A Non-Reader’s Call to Action

This essay was written by Brandon Monk.

A third (one out of three) of high school graduates never read another book for the rest of their lives. Forty-two (42%) percent of college graduates never read another book after college. Eighty percent (80%) of U.S. families did not buy or read a book last year. (Source: Jenkins Group)

What are we doing? Watching reality TV? We sure aren’t reading.

Those statistics have to change. Do those statistics explain the reason some people still think dinosaurs roamed the earth at the same time as man? Maybe.

Most reading blogs are for young readers or teachers. I suspect many of you are neither, like me. We all should read, not only teachers and students.

We need a reading revolution. After the Gutenberg press a reading revolution occurred. E-reading devices (Kindle, Nook, iPad) have the same potential. Let’s create a new reading Renaissance. Stop anticipating the end of the world and start understanding the world.

I went to high school and read as assigned. I went to college and read for grades. I went to law school and read fearing I would be called on to participate. I plead guilty to reading for the wrong reasons. Recently, I started reading because I love it and I want to share the experience.

Humans innately strive to understand the world so we can make sense of our lives. Reading is an essential way to do this. Not the only way, but an essential way.

Read for reasons other than a grade. Read to make life worth living. Start to read motivated by life instead of tests and you will enjoy it. Reading doesn’t invoke the same psychic scream it did in school.

Other blogs talk about books and review books but few focus on the art of reading. I’m not about to start prescribing reading material. Ideas about what you want to read? Focus on those ideas and run with them. We will probably talk about some books, but if you don’t want to read them, don’t.

Did you know there are funny books? Read humor if that’s your cup of tea. I don’t care as long as you’re reading.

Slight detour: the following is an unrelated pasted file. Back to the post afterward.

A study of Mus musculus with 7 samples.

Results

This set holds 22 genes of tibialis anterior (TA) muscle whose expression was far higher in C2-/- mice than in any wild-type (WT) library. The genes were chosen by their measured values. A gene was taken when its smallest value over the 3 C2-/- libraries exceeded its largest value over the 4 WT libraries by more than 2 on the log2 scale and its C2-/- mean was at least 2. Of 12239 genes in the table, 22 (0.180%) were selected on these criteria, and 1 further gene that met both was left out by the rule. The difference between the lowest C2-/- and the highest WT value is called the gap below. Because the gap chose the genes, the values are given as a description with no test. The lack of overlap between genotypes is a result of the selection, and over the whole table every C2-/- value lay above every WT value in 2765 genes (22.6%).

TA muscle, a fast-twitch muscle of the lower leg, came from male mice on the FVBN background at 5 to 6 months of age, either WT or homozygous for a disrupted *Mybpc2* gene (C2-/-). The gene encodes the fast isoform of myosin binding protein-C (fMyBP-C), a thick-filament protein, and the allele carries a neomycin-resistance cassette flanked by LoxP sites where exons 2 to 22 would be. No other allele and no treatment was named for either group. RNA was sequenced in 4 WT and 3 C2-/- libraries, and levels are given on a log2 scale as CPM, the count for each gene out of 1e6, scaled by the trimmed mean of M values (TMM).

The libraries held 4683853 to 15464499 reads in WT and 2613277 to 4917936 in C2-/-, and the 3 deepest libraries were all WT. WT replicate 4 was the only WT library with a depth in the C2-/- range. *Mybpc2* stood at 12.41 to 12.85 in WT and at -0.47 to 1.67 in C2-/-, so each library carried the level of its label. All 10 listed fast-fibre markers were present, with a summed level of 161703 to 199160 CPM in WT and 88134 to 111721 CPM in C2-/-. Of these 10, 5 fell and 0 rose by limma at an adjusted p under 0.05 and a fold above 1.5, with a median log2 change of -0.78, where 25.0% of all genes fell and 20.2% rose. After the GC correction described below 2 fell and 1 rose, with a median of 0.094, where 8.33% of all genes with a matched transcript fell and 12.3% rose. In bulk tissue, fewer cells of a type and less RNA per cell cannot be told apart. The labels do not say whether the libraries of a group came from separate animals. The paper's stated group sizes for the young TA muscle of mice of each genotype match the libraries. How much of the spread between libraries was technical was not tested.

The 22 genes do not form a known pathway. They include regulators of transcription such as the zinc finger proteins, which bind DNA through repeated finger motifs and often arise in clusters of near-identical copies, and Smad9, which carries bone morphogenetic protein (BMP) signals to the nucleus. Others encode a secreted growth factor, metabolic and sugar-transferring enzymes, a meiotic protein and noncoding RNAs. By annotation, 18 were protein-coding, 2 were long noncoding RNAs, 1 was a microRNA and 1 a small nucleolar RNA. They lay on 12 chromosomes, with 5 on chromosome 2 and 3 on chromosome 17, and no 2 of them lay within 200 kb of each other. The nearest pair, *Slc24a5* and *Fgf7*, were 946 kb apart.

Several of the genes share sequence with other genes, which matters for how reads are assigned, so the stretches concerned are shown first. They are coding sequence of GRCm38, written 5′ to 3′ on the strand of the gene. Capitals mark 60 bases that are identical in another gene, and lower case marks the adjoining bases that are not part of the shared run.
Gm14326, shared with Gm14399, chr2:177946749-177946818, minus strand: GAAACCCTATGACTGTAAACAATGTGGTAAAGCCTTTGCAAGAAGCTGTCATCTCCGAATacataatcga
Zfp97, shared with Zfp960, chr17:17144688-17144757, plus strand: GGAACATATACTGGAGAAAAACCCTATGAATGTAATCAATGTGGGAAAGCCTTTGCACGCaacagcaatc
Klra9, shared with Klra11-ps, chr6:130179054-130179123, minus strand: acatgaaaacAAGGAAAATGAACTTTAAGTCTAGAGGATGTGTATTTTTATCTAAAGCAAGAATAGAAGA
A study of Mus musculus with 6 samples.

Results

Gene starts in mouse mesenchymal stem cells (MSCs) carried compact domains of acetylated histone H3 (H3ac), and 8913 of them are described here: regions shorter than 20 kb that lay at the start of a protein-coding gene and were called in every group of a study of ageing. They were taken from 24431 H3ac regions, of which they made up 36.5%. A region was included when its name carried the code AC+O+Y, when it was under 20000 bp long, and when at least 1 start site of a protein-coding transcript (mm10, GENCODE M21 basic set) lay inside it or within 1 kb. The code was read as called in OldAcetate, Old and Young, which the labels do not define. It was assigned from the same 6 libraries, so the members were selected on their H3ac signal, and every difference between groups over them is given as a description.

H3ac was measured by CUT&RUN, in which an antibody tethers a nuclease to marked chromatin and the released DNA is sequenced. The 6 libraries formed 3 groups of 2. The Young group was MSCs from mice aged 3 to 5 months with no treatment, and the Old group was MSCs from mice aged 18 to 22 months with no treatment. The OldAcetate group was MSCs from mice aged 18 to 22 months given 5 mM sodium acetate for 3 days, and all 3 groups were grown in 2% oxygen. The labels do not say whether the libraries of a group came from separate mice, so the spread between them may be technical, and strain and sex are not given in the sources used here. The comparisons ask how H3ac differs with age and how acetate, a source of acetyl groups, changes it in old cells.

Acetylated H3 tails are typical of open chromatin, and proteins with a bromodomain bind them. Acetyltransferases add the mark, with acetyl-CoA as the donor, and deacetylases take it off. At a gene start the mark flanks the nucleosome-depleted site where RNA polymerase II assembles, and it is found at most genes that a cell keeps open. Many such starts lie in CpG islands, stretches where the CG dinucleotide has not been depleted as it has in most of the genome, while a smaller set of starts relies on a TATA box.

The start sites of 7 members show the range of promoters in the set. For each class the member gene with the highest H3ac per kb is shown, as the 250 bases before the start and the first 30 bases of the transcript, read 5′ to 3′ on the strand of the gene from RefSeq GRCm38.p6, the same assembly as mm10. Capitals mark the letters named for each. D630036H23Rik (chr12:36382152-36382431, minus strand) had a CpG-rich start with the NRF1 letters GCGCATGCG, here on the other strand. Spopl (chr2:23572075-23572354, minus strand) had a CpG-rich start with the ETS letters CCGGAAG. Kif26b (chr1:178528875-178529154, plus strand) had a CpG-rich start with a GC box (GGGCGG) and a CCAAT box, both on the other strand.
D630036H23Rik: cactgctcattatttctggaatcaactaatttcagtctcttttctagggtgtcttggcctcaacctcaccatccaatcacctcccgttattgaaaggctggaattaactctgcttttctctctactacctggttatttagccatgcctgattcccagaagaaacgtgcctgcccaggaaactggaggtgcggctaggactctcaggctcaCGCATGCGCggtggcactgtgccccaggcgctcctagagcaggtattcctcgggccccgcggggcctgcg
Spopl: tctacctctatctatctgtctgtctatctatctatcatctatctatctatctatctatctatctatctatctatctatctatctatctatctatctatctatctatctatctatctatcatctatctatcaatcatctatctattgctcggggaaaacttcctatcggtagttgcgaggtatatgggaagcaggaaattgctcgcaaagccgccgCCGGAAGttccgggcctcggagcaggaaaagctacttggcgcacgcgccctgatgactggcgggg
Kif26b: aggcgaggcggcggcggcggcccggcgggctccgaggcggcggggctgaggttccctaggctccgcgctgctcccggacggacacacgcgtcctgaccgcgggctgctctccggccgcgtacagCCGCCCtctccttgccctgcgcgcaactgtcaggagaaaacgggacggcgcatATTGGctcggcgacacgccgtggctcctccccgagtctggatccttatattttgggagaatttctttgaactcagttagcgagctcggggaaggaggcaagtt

Weigh in on a conversation, educated. Arm yourself by reading.

I know there’s a book you dream of reading, admit it to yourself.

Do you regret going through school doing the bare minimum, even if you made the grades? Do you regret having given no book a chance other than to understand the cliff notes version and pass a test? I did.

Ever failed at reading a book? We all fail! Get over it and move on like a professional.

Does TV fill your entertainment hours like high fructose corn syrup fills your belly? Shit-can it, at least until you get your reading done.

Do you think you can learn it all from YouTube or TV or class lectures? Wrong. You need books to converse with the truly great minds of all-time.

You will gradually come into reading like you would gradually prepare to run a particular distance like a marathon.

I realize magazines review books, but the problem isn’t finding a book. You aren’t reading at all or enough or the right way. Other readers develop opinions about books, but I bet you have opinions. Don’t live life regurgitating the opinion you hear. Form your own.

4 simple rules:

1. Read what you want to read.

2. Learn what you want to learn.

3. Write about it if the mood strikes you.

4. Do it every day.

As a reader you need to stop making excuses based on age, pace, or time. You have time. I reject the other excuses.

No hidden agendas allowed. Don’t start out reading to impress other people. Read for yourself and for pleasure.

As a rule attitudes are justifiers of behavior rather than causes of it. This means you need to start thinking of yourself as a reader today. Now.

Achievement motivates so set a goal, say 10 pages a day and stick with it.

Take time to reflect and see how far you’ve come. It may help to track your reading progress so you  visualize it.

You are a reader. You began the journey the minute you found this blog. Ride the momentum. That’s the new challenge. You have already begun.

Each day share your reading experience. Don’t flaunt it, but share it, so people know it’s important to you.

Joseph Campbell says, “a hero is someone able to battle past his personal and local historical limitations.” Step up to the plate and accept the role.